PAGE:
Career and Education Opportunities for Financial Examiners in Florida
Florida has a population of 18,537,969, which has grown by 15.99% over the past 10 years. Nicknamed the "Sunshine State," its capital is Tallahassee, though its most populous city is Jacksonville.
There are currently 800 working financial examiners in Florida; this should grow 26% to 1,010 working financial examiners in the state by 2016. This is not quite as good as the national trend for financial examiners, which sees this job pool growing by about 41.2% over the next eight years. Financial examiners generally enforce or ensure compliance with laws and regulations governing financial and securities institutions and financial and real estate transactions.
The income of a financial examiner is about $38 per hour or $79,170 per year on average in Florida. In the U.S. as a whole, their income is about $34 hourly or $70,930 per year on average. Incomes for financial examiners are better than in the overall category of Accounting and Auditing in Florida, and better than the overall Accounting and Auditing category nationally. Financial examiners work in a variety of jobs, including: regulatory analyst, internal auditor, and risk manager.
In 2008, there were a total of 10,424,100 jobs in Florida. The average annual income was $39,064 in 2008, up from $39,036 the preceding year. The unemployment rate in Florida was 10.5% in 2009, which has grown by 4.2% since the previous year. Roughly 22.3% of Florida residents have college degrees, which is lower than the national average.
The top industries in Florida include employment services, professional employer organizations, and water transportation. Notable tourist attractions include the Fish Mania, the Crosby J Ellis Jr LBR, and the Nature's Botanica Boutique.
CITIES WITH Financial Examiner OPPORTUNITIES IN Florida
JOB DESCRIPTION: Financial Examiner
In general, financial examiners enforce or ensure compliance with laws and regulations governing financial and securities institutions and financial and real estate transactions. They also may examine, verify correctness of, or establish authenticity of records.
Every day, financial examiners are expected to be able to think through problems and come up with general rules. They need to articulate ideas and problems. It is also important that they listen to and understand others in meetings.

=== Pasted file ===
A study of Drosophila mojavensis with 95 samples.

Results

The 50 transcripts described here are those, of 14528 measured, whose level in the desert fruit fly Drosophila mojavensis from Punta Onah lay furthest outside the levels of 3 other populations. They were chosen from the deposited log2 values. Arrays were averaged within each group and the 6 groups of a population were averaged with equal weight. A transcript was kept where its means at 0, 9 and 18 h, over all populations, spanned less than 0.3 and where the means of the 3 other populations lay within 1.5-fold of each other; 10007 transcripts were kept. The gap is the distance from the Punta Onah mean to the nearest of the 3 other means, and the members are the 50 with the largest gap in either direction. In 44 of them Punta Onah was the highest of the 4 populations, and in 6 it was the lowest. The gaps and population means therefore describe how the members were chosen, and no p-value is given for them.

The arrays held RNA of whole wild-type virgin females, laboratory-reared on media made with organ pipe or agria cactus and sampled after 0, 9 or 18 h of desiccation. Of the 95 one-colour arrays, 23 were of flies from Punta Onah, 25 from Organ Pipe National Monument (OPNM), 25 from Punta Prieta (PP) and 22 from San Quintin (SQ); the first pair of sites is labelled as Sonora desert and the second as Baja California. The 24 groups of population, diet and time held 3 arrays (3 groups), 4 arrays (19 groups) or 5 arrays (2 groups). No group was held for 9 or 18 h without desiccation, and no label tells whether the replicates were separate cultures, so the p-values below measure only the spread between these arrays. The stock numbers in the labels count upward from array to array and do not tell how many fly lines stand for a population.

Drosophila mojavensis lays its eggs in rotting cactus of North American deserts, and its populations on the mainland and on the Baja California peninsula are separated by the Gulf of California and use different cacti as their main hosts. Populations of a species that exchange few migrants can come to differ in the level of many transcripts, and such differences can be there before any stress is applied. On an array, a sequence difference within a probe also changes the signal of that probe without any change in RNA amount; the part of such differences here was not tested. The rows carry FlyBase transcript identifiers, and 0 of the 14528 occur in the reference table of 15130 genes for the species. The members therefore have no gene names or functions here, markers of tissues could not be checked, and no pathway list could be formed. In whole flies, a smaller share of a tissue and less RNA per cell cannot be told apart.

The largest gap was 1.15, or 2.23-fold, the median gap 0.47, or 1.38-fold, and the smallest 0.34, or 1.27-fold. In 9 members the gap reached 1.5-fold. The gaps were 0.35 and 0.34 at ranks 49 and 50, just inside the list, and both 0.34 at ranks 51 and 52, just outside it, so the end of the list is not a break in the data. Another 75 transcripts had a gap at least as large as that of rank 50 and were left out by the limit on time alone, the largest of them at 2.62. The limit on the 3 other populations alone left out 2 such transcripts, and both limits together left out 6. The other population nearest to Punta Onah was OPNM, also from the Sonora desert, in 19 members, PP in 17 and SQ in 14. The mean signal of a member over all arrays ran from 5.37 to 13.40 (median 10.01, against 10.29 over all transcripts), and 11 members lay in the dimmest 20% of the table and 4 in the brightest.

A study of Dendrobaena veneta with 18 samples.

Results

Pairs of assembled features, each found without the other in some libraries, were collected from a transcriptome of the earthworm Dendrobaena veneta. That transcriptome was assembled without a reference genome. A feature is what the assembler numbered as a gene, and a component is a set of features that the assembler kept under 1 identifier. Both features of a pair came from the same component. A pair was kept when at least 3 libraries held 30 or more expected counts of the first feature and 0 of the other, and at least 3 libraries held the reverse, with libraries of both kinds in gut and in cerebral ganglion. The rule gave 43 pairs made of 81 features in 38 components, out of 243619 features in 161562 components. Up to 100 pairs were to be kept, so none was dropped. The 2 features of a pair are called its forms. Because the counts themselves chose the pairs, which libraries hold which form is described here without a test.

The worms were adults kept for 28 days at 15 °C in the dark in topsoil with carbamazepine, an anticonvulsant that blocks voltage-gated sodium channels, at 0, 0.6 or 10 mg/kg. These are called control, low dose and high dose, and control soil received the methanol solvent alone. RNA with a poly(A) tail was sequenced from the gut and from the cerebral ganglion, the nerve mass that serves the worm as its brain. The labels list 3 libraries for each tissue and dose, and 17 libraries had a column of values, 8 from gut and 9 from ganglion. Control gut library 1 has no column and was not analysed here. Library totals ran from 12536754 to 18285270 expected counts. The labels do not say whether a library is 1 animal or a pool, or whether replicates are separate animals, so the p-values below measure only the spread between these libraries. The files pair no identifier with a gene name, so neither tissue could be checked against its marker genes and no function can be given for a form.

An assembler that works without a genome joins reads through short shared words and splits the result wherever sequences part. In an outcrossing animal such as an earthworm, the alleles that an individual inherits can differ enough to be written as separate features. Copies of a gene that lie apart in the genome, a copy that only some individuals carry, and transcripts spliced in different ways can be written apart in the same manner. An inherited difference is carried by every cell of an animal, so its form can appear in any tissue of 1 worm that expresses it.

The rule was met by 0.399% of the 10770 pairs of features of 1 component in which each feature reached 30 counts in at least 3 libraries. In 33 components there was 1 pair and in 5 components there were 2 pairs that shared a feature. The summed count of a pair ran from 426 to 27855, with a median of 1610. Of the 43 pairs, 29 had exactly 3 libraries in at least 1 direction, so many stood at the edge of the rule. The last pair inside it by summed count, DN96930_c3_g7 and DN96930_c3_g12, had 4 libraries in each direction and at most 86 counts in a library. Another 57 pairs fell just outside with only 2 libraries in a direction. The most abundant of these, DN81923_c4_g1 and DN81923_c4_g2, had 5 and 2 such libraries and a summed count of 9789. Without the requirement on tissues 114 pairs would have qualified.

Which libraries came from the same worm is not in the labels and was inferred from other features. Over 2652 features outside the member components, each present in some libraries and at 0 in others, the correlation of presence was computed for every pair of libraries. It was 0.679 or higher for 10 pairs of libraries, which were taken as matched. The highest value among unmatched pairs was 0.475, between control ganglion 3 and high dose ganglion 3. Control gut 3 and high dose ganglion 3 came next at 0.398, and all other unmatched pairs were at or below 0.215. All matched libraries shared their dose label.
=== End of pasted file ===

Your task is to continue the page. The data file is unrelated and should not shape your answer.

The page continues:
Similar jobs with educational opportunities in Florida include:
- Accountant. Analyze financial information and prepare financial reports to determine or maintain records of assets, liabilities, profit and loss, tax liability, or other financial activities within an organization.
- Assessor. Appraise real and personal property to determine its fair value. May assess taxes in accordance with prescribed schedules.
- Auditor. Examine and analyze accounting records to determine financial status of establishment and prepare financial reports concerning operating procedures.
- Budget Analyst. Examine budget estimates for completeness, accuracy, and conformance with procedures and regulations. Analyze budgeting and accounting reports for the purpose of maintaining expenditure controls.
- Credit Analyst. Analyze current credit data and financial statements of individuals or firms to determine the degree of risk involved in extending credit or lending money. Prepare reports with this credit information for use in decision-making.
- Financial Analyst. Conduct quantitative analyses of information affecting investment programs of public or private institutions.
- Income Tax Advisor. Prepare tax returns for individuals or small businesses but do not have the background or responsibilities of an accredited or certified public accountant.
- Insurance Underwriter. Review individual applications for insurance to evaluate degree of risk involved and determine acceptance of applications.
- Loan Counselor. Provide guidance to prospective loan applicants who have problems qualifying for traditional loans. Guidance may include determining the best type of loan and explaining loan requirements or restrictions.
- Loan Officer. Evaluate, authorize, or recommend approval of commercial, real estate, or credit loans. Advise borrowers on financial status and methods of payments. Includes mortgage loan officers and agents, collection analysts, loan servicing officers, and loan underwriters.
- Personal Financial Planner. Advise clients on financial plans utilizing knowledge of tax and investment strategies, securities, and real estate. Duties include assessing clients' assets, liabilities, and financial objectives to establish investment strategies.
- Real Estate Appraiser. Appraise real property to determine its value for purchase, sales, or loan purposes.
- Tax Examiner. Determine tax liability or collect taxes from individuals or business firms according to prescribed laws and regulations.
LOCATION INFORMATION: Florida
Florida has a population of 18,537,969, which has grown by 15.99% over the past 10 years. Nicknamed the "Sunshine State," its capital is Tallahassee, though its biggest city is Jacksonville. In 2008, there were a total of 10,424,100 jobs in Florida. The average annual income was $39,064 in 2008, up from $39,036 the previous year. The unemployment rate in Florida was 10.5% in 2009, which has grown by 4.2% since the previous year. About 22.3% of Florida residents have college degrees, which is lower than the national average.
The top industries in Florida include employment services, professional employer organizations, and water transportation. Notable tourist destinations include the Fish Mania, the Mike S Aquatics, and the Cummer Museum of Art & Gardens.